1. Travel consumers take note: Travelmath, an online trip planner that calculates the driving and flying time between cities, ranked some of the dirtiest places in airports and airplanes.  
    Here is its ranking of six locations:
    • Tray table: 2,155 CFU/sq. in.
    • Drinking fountain buttons: 1,240 CFU/sq. in.
    • Overhead air vent: 285 CFU/sq. in.
    • Lavatory flush button: 265 CFU/sq. in.
    • Seatbelt buckle: 230 CFU/sq. in.
    • Bathroom stall locks: 70 CFU/sq. in.
  2. According to weight loss experts like Pamela Peeke, MD, assistant clinical professor of medicine at the University of Maryland School of Medicine in Baltimore and author of Fight Fat Over 40, the best way to begin a weight-loss lifestyle is to reduce stress levels. “Stress fat,” as Dr. Peeke calls it, “goes deep in your tummy.”
    Here are 10 lifestyle tips to catalyze weight loss:
    • De-stress and lower cortisol levels (the chief hormone released when stressed). Cortisol stimulates appetite and cravings for comfort food.
    • Get enough sleep. Less than eight hours of sleep a night may contribute to weight gain.
    • Eat breakfast to kick-start your metabolism each morning, keep portion sizes in check for the day and keep hormone levels smooth.
    • Get enough daylight (at least 30 minutes a day).
    • Take a daily walk or make a date with the elliptical trainer for 35 minutes.
    • Reduce stimulants (coffee, tea, soda, coffee, chocolate, nicotine) before bed.
    • Have small plates (mini meals) throughout the day.
    • Eat protein 10 minutes before each meal (e.g., beans, nuts).
    • Lift weights.
    • Laugh, get a massage, create a mindfulness mantra.
  3. Scientists at the University of California, Los Angeles (UCLA) found that 12 minutes of daily yoga and meditation for eight weeks markedly increased what is known as telomerase activity—which they demonstrated was counteractive to stress-induced aging. Long-term meditators had better-preserved brains than non-meditators as they aged. Participants who had been meditating for an average of 20 years had more gray matter volume throughout the entire brain.
  4. Nobel Prize winner Elizabeth Blackburn of UCLA, who shared the prize in 2009 with Carol Greider and Jack Szostak for the telomerase research and findings, calls the enzyme released by stress reduction in the mind the “immortality enzyme.”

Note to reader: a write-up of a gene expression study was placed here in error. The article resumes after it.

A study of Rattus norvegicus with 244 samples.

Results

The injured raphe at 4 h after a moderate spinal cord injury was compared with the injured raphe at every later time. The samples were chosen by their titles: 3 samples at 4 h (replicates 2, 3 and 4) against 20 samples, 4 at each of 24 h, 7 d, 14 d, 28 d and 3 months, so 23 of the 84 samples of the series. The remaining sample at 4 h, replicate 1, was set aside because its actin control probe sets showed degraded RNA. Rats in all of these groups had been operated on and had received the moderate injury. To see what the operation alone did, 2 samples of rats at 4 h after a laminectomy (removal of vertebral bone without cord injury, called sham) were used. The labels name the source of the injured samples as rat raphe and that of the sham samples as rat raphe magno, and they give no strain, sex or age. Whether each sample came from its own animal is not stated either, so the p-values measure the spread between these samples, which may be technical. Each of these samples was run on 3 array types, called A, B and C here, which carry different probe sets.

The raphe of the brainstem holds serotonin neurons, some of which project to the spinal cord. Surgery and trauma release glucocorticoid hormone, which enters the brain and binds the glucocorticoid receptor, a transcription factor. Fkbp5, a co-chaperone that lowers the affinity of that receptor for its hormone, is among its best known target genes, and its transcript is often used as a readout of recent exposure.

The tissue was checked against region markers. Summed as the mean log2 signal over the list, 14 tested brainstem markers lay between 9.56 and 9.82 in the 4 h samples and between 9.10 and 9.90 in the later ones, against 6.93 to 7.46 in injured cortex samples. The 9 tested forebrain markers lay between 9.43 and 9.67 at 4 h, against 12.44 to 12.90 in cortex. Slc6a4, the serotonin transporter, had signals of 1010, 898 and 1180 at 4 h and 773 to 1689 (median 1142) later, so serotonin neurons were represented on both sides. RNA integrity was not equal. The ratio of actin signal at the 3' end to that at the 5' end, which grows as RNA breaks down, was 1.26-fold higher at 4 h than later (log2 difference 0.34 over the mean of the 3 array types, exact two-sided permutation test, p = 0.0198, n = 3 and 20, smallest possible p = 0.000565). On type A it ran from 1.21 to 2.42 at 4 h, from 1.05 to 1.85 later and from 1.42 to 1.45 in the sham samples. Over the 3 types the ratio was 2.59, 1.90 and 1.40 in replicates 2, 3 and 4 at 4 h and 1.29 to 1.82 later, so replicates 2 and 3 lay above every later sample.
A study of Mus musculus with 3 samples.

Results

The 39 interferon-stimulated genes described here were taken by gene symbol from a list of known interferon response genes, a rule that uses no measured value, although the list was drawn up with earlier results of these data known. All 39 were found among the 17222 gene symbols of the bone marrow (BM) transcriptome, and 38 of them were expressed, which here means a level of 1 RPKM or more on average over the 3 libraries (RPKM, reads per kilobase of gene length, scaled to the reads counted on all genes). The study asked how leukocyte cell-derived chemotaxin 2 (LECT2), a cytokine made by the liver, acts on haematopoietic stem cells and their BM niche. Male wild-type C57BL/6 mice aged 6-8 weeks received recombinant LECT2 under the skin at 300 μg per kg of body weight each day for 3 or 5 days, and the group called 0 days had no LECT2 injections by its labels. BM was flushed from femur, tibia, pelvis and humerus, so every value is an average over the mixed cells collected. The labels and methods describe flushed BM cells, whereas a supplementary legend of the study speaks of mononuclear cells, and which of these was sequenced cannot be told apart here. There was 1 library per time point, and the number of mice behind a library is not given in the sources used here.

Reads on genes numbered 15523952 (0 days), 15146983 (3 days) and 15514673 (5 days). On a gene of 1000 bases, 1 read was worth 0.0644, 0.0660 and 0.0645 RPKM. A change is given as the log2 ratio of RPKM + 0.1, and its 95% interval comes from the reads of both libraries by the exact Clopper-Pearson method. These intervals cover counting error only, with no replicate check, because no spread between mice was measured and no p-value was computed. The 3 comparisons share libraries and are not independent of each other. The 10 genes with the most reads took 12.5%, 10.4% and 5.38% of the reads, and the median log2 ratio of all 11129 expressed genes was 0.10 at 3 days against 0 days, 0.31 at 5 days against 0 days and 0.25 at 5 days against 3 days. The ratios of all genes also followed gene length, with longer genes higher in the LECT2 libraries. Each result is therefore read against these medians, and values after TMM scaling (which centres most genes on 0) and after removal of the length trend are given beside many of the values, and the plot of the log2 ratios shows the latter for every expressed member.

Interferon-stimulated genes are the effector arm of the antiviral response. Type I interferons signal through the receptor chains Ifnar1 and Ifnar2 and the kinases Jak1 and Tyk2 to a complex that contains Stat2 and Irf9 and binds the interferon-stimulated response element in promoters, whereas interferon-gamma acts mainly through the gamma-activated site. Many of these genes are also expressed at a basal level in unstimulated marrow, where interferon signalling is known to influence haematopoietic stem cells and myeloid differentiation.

5. In addition to the anti-aging benefits of daily yoga and meditation, the research studies also revealed the prevention of the onset of depression. Even one session of relaxation could be enough to enhance the expression of genes involved in energy metabolism and insulin secretion, and reduce the expression of genes linked to the inflammatory response and stress.
  6. A study published in the journal Circulation found that patients with coronary heart disease who practiced Transcendental Meditation (TM) had a reported 48 percent reduction in death, heart attack and stroke compared to patients who did not practice TM. 
  7. A similar study published in the journal Hypertension found TM is the only meditative technique that has been shown to lower blood pressure. 
  8. TM has been shown to improve focus, rest and happiness in schoolchildren; post-traumatic stress disorder (PTSD) in soldiers and other types of victims of trauma; productivity and social behavior in the office; and moral reasoning in prisons.
    RESOURCE: Learn more about how to practice Transcendental Meditation.
    RESOURCE: David Lynch Foundation: Dedicated to healing traumatic stress and raising performance in at-risk populations from inner-city youth and homeless shelters to the military.
  9. Research from Yale University found that mindfulness meditation decreases activity in the default mode network (DMN). The researchers define DMN as a brain network responsible for mind-wandering and self-referential thoughts—what is sometimes referred to as “monkey mind.” When the mind is not focused on anything in particular, the DMN is activated. A wandering mind can be associated with decreased happiness as it is open to more constant worrying, ruminating and the onset of negative thoughts. With mindfulness meditation, even when the mind does start to wander, because of the new connections that form, meditators are better at refocusing their thoughts toward positivity.

    RESOURCE: To learn more about the healing art of meditation and the scientific basis of the Yale research as demonstrated through brain imaging: The Healing Art of Meditation.

    RESOURCE: To learn and train on mindfulness from the Being Well program at Yale University: Thrive With The New Mindfulness Menu of Courses.